SWBOCES students distinguish themselves at statewide competition
Southern Westchester BOCES Career Services students shined brightly at the recent HOSA Spring Leadership Conference, on Friday, April 1, coming away with numerous honors in the virtual competition.
Students from the Emergency Medical Services, Security, Law & Policing, Animal Science and Nurse Assistant programs participated in the competition.
In the Veterinary Science Program taught by Michael D’Abruzzo, student Hannah Alfano placed 3rd statewide. From the Nursing Assistant program, Karen McDonald’s students Yadira Valencia placed 1st and Kristy Gonzalez placed 2nd.
From the EMS program taught by Robert Del Greco, Gabriela Gonzalez and Dillon McGee placed 1st in the EMT competition. For CPR/First Aid, Emily Ferraro and Denisse Rivera Saenz placed 2nd while Michael Pereira and Alyssa Carrasquillo placed 3rd. Jessie Asiedo-Wiafe, Gabriela Gonzalez, Lisanne Rattery were recognized in the Individual Achievement Test.
Several of the students are expected to take part in the national competition in Nashville, Tenn., in late June.
“I’m learning a lot, and it’s my favorite class of all the classes I’ve ever taken,” Emily Ferraro from the EMS program said.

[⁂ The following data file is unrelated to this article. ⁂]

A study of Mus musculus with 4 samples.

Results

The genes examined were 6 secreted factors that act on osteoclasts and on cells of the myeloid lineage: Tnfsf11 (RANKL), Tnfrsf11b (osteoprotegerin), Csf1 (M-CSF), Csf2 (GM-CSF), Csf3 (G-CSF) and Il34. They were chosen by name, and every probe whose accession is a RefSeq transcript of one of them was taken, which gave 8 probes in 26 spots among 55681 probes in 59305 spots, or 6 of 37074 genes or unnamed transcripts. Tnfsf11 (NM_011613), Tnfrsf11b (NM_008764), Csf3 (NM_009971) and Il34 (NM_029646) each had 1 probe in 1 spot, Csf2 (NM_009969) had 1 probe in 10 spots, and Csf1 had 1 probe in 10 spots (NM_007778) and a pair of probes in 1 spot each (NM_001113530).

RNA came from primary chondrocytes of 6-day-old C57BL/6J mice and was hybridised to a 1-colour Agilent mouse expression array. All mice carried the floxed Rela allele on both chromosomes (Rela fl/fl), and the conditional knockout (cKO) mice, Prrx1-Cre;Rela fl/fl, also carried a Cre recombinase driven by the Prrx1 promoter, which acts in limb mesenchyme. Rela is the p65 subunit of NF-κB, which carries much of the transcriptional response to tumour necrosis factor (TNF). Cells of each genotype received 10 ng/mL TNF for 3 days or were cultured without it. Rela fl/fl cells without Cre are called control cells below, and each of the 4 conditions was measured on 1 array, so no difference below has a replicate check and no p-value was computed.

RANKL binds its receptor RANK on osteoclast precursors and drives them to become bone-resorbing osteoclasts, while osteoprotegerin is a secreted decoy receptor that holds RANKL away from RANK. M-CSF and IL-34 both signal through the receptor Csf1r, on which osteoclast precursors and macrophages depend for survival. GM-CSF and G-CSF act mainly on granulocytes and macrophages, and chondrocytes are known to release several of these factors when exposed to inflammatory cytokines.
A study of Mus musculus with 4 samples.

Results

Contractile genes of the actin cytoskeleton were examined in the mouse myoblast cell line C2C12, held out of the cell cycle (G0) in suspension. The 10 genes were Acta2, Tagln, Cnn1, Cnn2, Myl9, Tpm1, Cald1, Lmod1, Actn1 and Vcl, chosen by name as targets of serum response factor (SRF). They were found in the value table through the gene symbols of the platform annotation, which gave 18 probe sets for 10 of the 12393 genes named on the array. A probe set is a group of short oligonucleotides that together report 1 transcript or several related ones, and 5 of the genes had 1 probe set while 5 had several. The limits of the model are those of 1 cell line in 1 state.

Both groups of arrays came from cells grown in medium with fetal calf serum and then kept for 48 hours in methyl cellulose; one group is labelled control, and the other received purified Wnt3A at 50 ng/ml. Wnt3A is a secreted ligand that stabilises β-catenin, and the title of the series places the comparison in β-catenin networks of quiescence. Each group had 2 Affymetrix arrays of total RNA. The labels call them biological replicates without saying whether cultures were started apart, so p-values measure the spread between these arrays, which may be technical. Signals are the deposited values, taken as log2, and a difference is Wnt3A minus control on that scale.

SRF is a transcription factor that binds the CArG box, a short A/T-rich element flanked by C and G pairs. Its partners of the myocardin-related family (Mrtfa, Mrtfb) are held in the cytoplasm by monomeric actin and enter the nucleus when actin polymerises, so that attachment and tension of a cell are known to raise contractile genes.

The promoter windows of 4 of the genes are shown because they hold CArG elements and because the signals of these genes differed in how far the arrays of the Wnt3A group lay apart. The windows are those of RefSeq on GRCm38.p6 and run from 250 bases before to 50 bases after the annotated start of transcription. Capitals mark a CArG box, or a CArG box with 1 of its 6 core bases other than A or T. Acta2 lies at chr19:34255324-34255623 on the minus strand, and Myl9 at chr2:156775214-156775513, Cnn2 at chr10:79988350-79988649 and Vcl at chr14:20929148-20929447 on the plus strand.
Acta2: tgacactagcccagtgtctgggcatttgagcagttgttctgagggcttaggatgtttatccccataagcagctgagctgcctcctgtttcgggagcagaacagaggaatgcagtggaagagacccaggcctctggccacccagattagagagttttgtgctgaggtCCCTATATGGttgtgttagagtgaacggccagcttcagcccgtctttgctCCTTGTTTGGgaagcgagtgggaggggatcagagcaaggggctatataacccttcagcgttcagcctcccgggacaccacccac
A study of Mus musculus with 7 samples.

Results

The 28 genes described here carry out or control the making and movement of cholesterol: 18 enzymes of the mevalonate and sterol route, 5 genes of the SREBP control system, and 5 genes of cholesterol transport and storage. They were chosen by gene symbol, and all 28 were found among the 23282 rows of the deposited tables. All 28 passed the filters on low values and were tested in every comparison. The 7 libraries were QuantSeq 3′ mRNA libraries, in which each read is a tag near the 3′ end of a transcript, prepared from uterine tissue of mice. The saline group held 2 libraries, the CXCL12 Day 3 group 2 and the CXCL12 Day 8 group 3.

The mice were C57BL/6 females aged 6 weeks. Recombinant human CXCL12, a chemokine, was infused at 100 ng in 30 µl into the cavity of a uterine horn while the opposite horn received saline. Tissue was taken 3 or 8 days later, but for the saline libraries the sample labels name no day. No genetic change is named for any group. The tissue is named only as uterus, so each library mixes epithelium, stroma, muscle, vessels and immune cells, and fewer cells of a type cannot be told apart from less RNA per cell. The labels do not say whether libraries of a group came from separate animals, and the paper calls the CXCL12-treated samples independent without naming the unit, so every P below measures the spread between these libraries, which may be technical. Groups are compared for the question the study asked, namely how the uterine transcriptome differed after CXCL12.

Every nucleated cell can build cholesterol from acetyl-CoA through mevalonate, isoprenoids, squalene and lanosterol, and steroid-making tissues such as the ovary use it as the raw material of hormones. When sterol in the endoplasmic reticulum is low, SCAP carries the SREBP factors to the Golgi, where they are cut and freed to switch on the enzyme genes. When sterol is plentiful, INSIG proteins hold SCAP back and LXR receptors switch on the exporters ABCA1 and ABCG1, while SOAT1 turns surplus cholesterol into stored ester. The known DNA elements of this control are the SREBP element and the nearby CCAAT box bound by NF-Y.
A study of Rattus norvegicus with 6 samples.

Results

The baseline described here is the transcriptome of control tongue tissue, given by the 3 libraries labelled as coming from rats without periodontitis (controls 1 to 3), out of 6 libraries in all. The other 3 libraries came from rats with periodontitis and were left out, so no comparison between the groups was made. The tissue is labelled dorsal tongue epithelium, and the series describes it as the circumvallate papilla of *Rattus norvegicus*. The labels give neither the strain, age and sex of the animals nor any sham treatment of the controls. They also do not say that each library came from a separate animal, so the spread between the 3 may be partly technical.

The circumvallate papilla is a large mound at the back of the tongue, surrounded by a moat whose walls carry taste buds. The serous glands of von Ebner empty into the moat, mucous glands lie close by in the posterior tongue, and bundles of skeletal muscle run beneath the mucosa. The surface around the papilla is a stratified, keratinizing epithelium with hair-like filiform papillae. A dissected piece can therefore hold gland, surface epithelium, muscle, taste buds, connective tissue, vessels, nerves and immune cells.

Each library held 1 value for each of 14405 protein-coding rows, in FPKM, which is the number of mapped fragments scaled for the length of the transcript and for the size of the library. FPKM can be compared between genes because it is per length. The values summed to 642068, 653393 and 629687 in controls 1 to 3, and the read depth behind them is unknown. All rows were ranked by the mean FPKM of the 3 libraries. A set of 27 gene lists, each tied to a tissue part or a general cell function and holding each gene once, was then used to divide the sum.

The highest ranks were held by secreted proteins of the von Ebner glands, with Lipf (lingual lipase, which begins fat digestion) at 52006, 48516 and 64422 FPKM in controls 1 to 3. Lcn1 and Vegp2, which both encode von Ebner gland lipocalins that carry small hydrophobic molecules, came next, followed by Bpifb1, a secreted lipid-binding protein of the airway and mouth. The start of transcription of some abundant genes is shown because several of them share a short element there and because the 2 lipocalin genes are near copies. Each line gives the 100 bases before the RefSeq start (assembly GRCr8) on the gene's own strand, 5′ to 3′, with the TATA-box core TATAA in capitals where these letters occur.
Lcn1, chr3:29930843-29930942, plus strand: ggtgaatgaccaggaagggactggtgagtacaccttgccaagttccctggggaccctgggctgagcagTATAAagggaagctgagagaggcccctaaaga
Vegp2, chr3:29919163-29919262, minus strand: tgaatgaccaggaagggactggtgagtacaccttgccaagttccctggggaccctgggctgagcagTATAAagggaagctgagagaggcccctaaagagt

A first year student from Edgemont, she found the competition exciting even though it was changed to a virtual event. “You had knowledge of what you were walking into, but it could have been a multitude of different scenarios. So you kind of just had to think quickly on your feet and act accordingly,” she said.
Alyssa Carrasquillo, a first year EMS student from Harrison, admitted she was nervous going in, but she and her partner worked through the challenge together. The scenario was entering a McDonald’s and encountering someone who is choking. She came prepared to show her skills on a mannequin, but the challenge was actually an oral presentation. The end result showed her something about herself.
“It tells me I can do a lot if I put my mind to it,” said Alyssa, who plans to study psychology in college and work as an EMT on the side.
Mr. Del Greco’s said his students reacted with surprise that the competition wasn’t even more challenging than it was..
“I said, that’s what it feels like to be over-prepared, and that’s how you want to approach all of this,” he said.
They perform weekly skills practice, mixed with lectures, vocabulary and other foundational work. For something like CPR, he said, it needs to become muscle memory.
He teaches first and second year students with a goal of certifying them as EMTs so they can go right to work. “Any time I can throw a curveball at them I try to do it because I want them to not be super-comfortable with it,” he said. “It’s hard. It’s real life.”